In his post, "What Tim O'Reilly gets wrong about the cloud," Nick Carr takes Tim to task for describing Google as an example of a business that has grown to dominance because of network effects. The basic idea behind network effects is that something gets more valuable as more people use it. The canonical example is the telephone system. With one telephone it would be pretty uninteresting. With limited penetration, only mildly interesting. With near-universal connectivity, extremely powerful. There's a lot of debate about the details, but few dispute the basic concept.
But Nick argues that network effects don't underpin Google's success. Google determines the best search results using algorithms, not the "wisdom of the crowd." If I were the only person using Google, it might be hard for Google to continue making hardware and software investments. But, money aside, it doesn't inherently depend on having lots of users to deliver quality results. By contrast, social networks or a many-to-many selling site like eBay (especially in its earlier days) are network effect businesses. (In fairness, the myriad creators of Web content make Google's PageRank possible but I see this as a weak form of network effect compared to the other examples.)
However, network effects aren't the only reason why a given industry may end up with just a few--or even one--large players. Nick lists a few that may well be relevant to Google and other "cloud computing" suppliers:
1. Capital intensity. Building a large utility computing system requires lots of capital, which itself presents a big barrier to entry.
2. Scale advantages. As O'Reilly himself notes, big players reap important scale economies in equipment, labor, real estate, electricity, and other inputs.
3. Diversity factor. One of the big advantages that accrue to utilities is their ability to make demand flatter and more predictable (by serving a diverse group of customers with varying demand patterns), which in turn allows them to use their capital more efficiently. As your customer base expands, so does your diversity factor and hence your efficiency advantage and your ability to undercut your less-efficient competitors' prices.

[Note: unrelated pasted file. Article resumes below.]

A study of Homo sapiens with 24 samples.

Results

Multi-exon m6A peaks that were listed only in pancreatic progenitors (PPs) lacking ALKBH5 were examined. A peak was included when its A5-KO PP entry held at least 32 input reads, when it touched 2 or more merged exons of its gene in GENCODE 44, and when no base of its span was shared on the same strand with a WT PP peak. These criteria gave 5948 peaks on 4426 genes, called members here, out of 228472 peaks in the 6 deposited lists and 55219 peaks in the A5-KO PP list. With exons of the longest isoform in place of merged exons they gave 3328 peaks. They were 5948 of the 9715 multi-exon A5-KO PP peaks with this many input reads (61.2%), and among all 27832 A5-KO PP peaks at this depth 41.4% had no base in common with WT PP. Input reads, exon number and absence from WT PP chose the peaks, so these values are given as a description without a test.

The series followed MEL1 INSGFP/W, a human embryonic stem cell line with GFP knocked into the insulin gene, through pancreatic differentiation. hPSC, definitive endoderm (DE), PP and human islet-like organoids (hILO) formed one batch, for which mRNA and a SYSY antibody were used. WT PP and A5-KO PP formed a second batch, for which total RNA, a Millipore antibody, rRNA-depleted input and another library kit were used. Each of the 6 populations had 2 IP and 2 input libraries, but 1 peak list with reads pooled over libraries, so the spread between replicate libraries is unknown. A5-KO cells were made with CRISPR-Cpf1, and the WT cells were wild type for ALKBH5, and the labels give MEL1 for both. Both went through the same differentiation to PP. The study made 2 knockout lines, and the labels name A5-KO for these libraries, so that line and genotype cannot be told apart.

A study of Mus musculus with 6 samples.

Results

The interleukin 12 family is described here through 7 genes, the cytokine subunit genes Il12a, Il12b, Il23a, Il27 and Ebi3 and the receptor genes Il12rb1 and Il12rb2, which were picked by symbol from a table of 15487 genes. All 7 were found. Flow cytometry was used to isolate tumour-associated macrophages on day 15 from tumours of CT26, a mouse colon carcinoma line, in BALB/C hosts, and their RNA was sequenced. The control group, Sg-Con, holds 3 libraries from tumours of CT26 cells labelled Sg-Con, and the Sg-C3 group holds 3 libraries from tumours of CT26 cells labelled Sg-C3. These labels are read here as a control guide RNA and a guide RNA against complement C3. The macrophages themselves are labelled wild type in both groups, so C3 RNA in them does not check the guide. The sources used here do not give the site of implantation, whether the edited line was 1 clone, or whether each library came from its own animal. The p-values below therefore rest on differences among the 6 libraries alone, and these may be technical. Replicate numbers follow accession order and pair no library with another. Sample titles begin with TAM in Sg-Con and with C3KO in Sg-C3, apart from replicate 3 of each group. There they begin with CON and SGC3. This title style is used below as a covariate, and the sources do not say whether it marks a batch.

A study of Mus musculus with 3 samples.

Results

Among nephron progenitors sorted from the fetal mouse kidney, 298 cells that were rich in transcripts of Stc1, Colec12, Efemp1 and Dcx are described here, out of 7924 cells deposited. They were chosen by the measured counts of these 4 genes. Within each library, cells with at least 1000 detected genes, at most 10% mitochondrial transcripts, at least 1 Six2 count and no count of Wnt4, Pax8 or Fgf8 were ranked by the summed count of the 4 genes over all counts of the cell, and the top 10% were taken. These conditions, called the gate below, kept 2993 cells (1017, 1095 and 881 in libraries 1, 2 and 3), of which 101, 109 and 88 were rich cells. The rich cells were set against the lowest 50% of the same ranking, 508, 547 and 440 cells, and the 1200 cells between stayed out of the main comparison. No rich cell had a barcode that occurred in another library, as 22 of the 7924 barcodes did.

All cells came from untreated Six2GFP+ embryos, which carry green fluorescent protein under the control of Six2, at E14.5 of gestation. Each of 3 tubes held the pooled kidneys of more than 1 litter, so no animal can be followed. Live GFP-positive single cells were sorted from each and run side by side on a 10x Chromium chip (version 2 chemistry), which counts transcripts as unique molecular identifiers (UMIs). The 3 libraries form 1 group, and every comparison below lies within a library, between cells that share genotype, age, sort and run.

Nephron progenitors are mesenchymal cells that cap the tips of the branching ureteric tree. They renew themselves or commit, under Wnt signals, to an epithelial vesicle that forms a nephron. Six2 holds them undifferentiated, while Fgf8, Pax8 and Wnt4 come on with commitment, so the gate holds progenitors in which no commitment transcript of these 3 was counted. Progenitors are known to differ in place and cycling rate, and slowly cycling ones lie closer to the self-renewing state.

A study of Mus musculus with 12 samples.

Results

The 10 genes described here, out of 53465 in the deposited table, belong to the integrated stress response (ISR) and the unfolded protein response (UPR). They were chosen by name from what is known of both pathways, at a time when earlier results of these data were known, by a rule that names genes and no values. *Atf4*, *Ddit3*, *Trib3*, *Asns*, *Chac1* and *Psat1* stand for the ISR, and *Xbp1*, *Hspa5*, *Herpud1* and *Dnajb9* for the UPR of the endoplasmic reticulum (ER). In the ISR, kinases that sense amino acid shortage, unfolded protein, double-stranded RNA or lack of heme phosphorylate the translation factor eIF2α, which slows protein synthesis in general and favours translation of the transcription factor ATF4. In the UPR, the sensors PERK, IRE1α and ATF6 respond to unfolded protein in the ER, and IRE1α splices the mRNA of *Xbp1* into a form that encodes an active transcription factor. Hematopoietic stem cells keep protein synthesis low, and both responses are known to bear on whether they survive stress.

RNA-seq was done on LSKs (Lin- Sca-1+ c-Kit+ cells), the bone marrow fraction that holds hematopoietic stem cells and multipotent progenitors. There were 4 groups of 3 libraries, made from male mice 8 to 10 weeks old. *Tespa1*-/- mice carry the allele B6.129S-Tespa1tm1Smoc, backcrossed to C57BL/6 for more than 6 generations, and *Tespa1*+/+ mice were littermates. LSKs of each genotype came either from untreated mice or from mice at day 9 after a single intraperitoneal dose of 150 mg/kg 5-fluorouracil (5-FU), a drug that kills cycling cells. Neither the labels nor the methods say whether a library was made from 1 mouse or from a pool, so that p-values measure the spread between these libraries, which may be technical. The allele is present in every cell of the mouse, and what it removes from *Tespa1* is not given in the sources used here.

4. Expertise advantages. Brilliant computer scientists and engineers are scarce.
5. Brand and marketing advantages. They still matter - a lot - and they probably matter most of all when it comes to the purchasing decisions of large, conservative companies.
6. Proprietary systems that create some form of lock-in. Don't assume that "open" systems are attractive to mainstream buyers simply because of their openness. In fact, proprietary systems often better fulfill buyer requirements, particularly in the early stages of a market's development. As IT analyst James Governor writes in a comment on Macleod's post, "customers always vote with their feet, and they tend vote for something somewhat proprietary - see Salesforce APEX and iPhone apps for example. Experience always comes before open. Even supposed open standards dorks these days are rushing headlong into the walled garden of gorgeousness we like to call Apple Computers."
The reason this question is of more than academic "nature of the firm"-type interest is that the question of scale in a world where more and more computing happens out in the network has implications that go beyond the cloud computing suppliers themselves. (For our purposes here, cloud computing refers to Internet-based computing generally, whether Software as a Service,SaaS, or some more direct use of computing resources over the network.)
A world with many different cloud computing suppliers, operating at different levels of abstraction--SaaS, Amazon Web Services-style virtual machines, Google Apps-style developer platform, and so forth--looks very different from the world hyperbolically described by Sun CTO Greg Papadopolous as having five "computers." (Computers in the sense of cloud computing providers with distributed worldwide datacenters.)
The computer industry in the first world would look much like today's. Independent Software Vendors (ISV) might deliver applications in the form of Web services rather than programs to be locally installed. But they'd still be ISVs. And systems vendors would be selling more to those ISVs and other cloud computing suppliers than they would be the ultimate end users. But the sales model wouldn't be all that different from current enterprise sales.
In the second case, things would be much different, however. As I discussed in "The New Systems Companies," if computing were to become something largely consumed by a relative handful of mega-scale service providers, that would fundamentally alter the dynamic between system supplier and system customer that exists today. In the extreme case, the biggest service providers could become the new systems companies, as Google has already done to at least a partial degree.
Understanding to what degree size matters in a cloud computing world is therefore a very important question.